The packaging process should always start with the end goal in mind. Let’s consider the following enterprise scenario where both Windows 7 and Microsoft App-V are being deployed, and System Center Configuration Manager is the deployment system. The packaging group’s preferred process would be to ensure the following logical steps:
- If the application is Win 7 compatible then run App-V tests, and if those are also compatible, convert into an App-V package
- Once done, run static test on the App-V package to ensure that it meets enterprise best practices
- Then publish it to a deployment system to be sent for QA and UAT
- If the application is compatible with Windows 7, but not with App-V
- Do not virtualize it, rather leave it as an installer package (MSI)
- Run best practice tests and then publish it to a deployment system for QA and UAT
- If the app is not Windows 7 compatible
- Either remediate it first before continuing to the next steps OR
- If not remediable, look for an updated version of the application that can replace it
The above process is well known and has been used for some time and is fairly manual in nature. There is nothing wrong with the process except:
- Packagers are scarce and expensive and it is not easy to find qualified experts
- It takes considerable time for a packager to run through these steps manually
- Any steps that involve manual intervention heighten the risk of error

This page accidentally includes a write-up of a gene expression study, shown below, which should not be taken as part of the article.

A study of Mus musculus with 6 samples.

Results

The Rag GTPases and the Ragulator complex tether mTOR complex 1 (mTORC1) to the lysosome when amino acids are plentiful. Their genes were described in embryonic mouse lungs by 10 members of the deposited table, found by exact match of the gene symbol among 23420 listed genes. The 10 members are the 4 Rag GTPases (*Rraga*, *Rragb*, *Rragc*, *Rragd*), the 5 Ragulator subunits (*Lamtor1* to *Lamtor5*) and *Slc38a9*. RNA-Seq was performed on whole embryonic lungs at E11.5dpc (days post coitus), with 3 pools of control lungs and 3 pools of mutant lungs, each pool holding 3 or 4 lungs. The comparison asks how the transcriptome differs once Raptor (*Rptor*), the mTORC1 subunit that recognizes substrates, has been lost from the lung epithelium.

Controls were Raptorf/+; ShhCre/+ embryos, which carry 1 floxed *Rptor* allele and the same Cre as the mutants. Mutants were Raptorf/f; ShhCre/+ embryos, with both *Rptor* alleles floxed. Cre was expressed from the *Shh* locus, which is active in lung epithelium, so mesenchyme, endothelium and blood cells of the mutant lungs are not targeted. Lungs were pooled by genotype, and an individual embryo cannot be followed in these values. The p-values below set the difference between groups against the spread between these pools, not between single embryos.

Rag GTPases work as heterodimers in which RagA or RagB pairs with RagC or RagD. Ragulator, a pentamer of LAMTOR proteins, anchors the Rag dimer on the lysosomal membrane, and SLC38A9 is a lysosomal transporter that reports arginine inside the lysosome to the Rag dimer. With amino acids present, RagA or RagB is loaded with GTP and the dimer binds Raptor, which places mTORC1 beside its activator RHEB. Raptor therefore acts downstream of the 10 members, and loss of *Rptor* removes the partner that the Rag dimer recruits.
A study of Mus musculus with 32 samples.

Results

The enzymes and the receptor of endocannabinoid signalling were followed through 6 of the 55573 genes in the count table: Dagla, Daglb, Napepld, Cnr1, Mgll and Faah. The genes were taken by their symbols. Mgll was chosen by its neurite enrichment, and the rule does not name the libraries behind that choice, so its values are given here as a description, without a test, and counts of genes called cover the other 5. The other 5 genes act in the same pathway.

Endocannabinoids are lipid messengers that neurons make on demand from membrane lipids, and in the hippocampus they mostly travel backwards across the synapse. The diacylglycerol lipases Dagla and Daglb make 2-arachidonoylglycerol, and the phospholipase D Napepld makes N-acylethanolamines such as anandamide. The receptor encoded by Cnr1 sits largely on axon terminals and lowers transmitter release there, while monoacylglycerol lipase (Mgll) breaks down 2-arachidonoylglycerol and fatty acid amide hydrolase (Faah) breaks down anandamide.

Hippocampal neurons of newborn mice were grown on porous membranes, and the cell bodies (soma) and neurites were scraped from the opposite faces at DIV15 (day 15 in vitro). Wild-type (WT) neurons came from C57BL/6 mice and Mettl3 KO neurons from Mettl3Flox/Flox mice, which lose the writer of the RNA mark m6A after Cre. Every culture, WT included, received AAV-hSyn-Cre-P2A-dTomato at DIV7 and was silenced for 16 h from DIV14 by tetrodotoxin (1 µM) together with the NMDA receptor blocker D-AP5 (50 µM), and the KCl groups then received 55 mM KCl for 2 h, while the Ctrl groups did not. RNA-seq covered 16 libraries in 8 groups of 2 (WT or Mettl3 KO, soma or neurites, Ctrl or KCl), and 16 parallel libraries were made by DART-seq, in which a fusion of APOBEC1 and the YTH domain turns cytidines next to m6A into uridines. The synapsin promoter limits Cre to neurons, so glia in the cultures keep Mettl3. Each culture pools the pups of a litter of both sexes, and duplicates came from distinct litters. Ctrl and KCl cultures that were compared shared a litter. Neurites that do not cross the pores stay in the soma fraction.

Therefore, automation is the key to improving productivity as well as ensuring predictable results for the above process and many others similar to it. The enterprise application readiness process can easily be automated to a great extent using industry standard tools that expose automation API. Using technologies such as PowerShell, scripts can be setup to call these APIs, make decisions based on the output from each step, and complete the required packaging steps in an automated fashion. This leaves QA/UAT as the only manual steps. These manual steps are typically best performed by the application owner who knows how to use the application and can verify its functionality.
Most enterprises have to deal with thousands of applications when moving from one platform to another so it is essential to apply automation standards to reduce cycle time and ensure predictable results.